Tree plantings enrich city neighborhoods

By Eric T. Campbell
Detroit, MI (March 13, 2011)- This spring season, with the help of 7,000 volunteers, The Greening of Detroit hopes to double the number of trees it plants in and around Detroit neighborhoods.


Beginning March 26, Greening will sponsor tree plantings every Saturday at 9 a.m. – rain or shine. The goal is 4,000 trees by June 11. “Our city has a widespread enthusiasm for planting trees,” says Rebecca Salminen Witt, president of Greening. “It’s a powerful statement in disadvantaged neighborhoods because plantings signal a long-term investment.” Since its formation in 1989, Greening has contributed to almost every aspect of the city’s growing urban agriculture profile. But planting trees is how the non-profit organization continues to make the biggest impact.
Witt says tree plantings signify increased commitment to underserved communities. All tree plantings are designed and executed in collaboration with local and neighborhood partners. Everyone from small block-clubs to established City District Councils have applied for Greening’s resources through the years, resulting in 62,000 new trees in Detroit. “It’s always a combination of need and opportunity,” Witt said. “We never go to a neighborhood unless we’re invited.”
Greening’s community engagement staff canvasses neighborhoods slated for plantings to ensure a measure of community input, according to Witt. Recipient communities are expected to raise matching funds and provide volunteers for tree plantings in addition to making a commitment to maintain the trees. Maintenance includes proper watering for the crucial first three years of the tree’s life.
Green collaborations in Detroit neighborhoods have included community gardens, pocket parks and small nurseries. In Highland Park, the Beresford Block Club partnered with Greening to replace trees that were lost years ago in a rare tornado that hit the Detroit area. With the blessing of Highland Park officials and Beresford residents, 25 trees were planted last summer.
The results were immediate and the effort provided a temporary community forum, according to Lee Clowny, Beresford Block Club President. At one point Clowny says there were almost 100 volunteers going in and out of her home, including Highland Park youth, recruited by her daughter. “I did the refreshments,” Clowny told the Michigan Citizen. “We were all out there just digging and planting. The trees not only make the houses … but the whole neighborhood look better.” Clowny has since volunteered for another tree planting and says she’ll be out planting trees this summer.
“It’s important that we get that volunteer effort from neighbors,” Witt says. “We want residents to feel like this is their thing. It’s a process of meeting people one-on-one. Every neighborhood has its own flavor.” Greening is attempting to recruit 700 volunteers for each Saturday as the tree planting events continue to forge relationships with community groups. “We feel like we have a real responsibility to make sure that people know about us and the opportunity,” Witt says.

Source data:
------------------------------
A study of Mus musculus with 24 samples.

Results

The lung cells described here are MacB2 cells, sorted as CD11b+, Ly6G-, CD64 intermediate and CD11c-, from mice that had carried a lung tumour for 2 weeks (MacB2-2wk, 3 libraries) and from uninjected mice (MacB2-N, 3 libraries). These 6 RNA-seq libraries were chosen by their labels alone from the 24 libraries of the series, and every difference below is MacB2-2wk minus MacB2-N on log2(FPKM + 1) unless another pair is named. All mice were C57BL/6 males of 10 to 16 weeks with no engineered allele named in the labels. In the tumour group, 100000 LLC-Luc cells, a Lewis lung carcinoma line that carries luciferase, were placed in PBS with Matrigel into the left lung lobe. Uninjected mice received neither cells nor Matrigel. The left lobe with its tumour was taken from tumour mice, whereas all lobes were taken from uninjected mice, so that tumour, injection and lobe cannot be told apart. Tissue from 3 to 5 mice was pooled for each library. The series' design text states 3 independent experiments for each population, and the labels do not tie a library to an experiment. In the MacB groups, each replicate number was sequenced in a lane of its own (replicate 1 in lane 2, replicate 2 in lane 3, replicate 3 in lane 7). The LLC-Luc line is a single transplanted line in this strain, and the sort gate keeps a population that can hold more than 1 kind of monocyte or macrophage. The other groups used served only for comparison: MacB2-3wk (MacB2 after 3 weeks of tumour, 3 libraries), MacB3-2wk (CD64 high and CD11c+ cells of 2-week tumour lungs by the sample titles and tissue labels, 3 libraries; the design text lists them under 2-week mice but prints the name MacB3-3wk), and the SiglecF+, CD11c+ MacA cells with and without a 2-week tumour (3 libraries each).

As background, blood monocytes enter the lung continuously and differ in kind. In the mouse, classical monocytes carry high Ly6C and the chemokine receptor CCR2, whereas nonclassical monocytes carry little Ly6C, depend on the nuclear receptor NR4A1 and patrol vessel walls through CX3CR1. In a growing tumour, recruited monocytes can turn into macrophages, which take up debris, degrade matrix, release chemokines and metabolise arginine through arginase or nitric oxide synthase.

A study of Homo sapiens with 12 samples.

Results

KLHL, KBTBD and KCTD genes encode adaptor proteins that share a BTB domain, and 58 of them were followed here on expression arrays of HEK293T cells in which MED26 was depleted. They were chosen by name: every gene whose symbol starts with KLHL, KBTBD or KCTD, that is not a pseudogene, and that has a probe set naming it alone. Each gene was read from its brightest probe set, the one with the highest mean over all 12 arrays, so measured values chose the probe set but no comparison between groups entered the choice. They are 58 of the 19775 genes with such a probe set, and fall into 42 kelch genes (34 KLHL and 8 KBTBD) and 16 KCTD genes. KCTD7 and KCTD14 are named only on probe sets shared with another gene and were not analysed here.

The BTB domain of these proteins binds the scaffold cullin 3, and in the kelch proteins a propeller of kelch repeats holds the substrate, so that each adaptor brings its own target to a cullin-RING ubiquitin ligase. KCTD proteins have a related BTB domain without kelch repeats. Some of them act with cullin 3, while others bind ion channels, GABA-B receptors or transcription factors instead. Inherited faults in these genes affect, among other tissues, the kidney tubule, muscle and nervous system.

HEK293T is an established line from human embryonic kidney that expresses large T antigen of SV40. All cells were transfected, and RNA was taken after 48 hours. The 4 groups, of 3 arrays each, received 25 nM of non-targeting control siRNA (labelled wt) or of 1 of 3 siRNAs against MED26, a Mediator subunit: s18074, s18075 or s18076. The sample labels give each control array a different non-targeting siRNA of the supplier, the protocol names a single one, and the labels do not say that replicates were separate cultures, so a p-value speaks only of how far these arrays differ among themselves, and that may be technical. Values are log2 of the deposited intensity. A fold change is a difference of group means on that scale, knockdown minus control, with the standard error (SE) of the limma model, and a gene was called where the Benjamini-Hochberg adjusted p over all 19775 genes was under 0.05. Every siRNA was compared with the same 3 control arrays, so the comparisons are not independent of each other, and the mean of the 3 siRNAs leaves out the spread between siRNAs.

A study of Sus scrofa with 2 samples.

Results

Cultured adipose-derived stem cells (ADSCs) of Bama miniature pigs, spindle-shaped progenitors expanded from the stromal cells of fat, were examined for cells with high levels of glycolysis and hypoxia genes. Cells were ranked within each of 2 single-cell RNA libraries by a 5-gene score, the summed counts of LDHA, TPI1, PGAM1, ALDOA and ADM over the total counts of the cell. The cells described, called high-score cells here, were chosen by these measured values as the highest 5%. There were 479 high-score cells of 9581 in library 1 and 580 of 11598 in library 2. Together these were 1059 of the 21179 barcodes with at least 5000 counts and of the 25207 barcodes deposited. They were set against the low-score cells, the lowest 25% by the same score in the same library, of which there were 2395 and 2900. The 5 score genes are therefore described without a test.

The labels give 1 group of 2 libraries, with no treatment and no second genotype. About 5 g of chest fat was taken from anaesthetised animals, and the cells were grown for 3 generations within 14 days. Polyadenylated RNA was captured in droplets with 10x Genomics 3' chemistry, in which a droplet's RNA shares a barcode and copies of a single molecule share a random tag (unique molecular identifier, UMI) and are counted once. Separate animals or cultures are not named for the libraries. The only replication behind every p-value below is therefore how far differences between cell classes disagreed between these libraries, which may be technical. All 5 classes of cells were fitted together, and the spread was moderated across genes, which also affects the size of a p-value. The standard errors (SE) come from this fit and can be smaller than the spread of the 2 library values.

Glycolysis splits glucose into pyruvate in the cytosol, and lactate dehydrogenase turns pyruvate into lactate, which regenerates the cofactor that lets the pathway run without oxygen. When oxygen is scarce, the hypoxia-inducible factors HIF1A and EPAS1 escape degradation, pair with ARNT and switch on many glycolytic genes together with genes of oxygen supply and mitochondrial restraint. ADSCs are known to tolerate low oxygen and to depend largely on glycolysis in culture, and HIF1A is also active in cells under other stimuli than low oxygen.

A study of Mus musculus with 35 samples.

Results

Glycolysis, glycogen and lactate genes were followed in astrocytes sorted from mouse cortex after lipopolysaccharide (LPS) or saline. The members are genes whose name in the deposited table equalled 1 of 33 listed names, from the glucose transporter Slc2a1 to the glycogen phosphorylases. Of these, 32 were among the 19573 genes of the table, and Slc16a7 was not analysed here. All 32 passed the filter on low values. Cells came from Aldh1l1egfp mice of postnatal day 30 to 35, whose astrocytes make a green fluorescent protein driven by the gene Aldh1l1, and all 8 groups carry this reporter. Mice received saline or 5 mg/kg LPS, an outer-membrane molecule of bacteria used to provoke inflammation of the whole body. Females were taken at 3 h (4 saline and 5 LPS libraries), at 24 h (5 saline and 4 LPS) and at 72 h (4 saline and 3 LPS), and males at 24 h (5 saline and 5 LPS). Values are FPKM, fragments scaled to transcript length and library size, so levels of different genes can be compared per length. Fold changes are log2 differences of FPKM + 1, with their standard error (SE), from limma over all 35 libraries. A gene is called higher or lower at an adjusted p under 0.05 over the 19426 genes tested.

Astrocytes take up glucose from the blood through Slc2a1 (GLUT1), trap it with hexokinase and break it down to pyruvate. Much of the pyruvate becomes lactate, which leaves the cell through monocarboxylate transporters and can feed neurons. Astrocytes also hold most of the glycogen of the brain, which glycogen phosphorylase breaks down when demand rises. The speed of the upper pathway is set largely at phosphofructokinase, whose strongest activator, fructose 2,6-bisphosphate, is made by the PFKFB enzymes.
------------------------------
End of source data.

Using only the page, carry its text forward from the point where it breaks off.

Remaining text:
In addition to replenishing trees lost to disease and age, Greening plantings defend against storm water run-off, soil contamination and declining air quality. Detroit neighborhoods also benefit from Greening’s staff of forestry experts. They emphasize planting trees in many different varieties to limit the amount of damage done by diseases, which usually affect specific species. Witt says growing conditions can vary greatly even within the confines of the city.
The trees in the West Village neighborhood have suffered twice from disease-related issues. The majority of the area trees were cut down six years ago due to Elm’s disease. The city replanted with fast-growing Elm trees, which were mostly lost during the Emerald Ash Borer outbreak that affected all of Michigan beginning in 2002. “It changed the complexion of the entire neighborhood,” says Jason Peet, West Village Neighborhood Association boardmember. Peet says the city cut down diseased trees with efficiency, but the cost of any serious replanting effort was too large for the city to bear. Peet and his colleagues prepared an overall tree plan for the 15-square-block area along with Greening’s efforts. In the last five years, they’ve successfully planted a total of 350 trees.
“At a huge benefit to the quality of our neighborhood, Greening has executed something we never could have done,” Peet says. “Right now we’re pretty well reforested. Whether people realize it or not, trees are one of those indicators that affects the buyer.” Most tree plantings have occurred in cluster neighborhoods served by the city’s Next Detroit Neighborhood Initiative. Witt says there’s no area of the city that’s been untouched by Greening’s environmental impact. The city’s Departments of Recreation and General Services uses Greening for tree planting in parks and vacant lots and has partnered with the Detroit Public Schools to reforest schoolyards. Greening receives the bulk of its funding from the U.S. Forest Service GLRI and the Community Foundation for Southeast Michigan. Its also heavily supported by Chase Bank and DTE Energy, along with a host of foundation, corporate, private and government sponsors.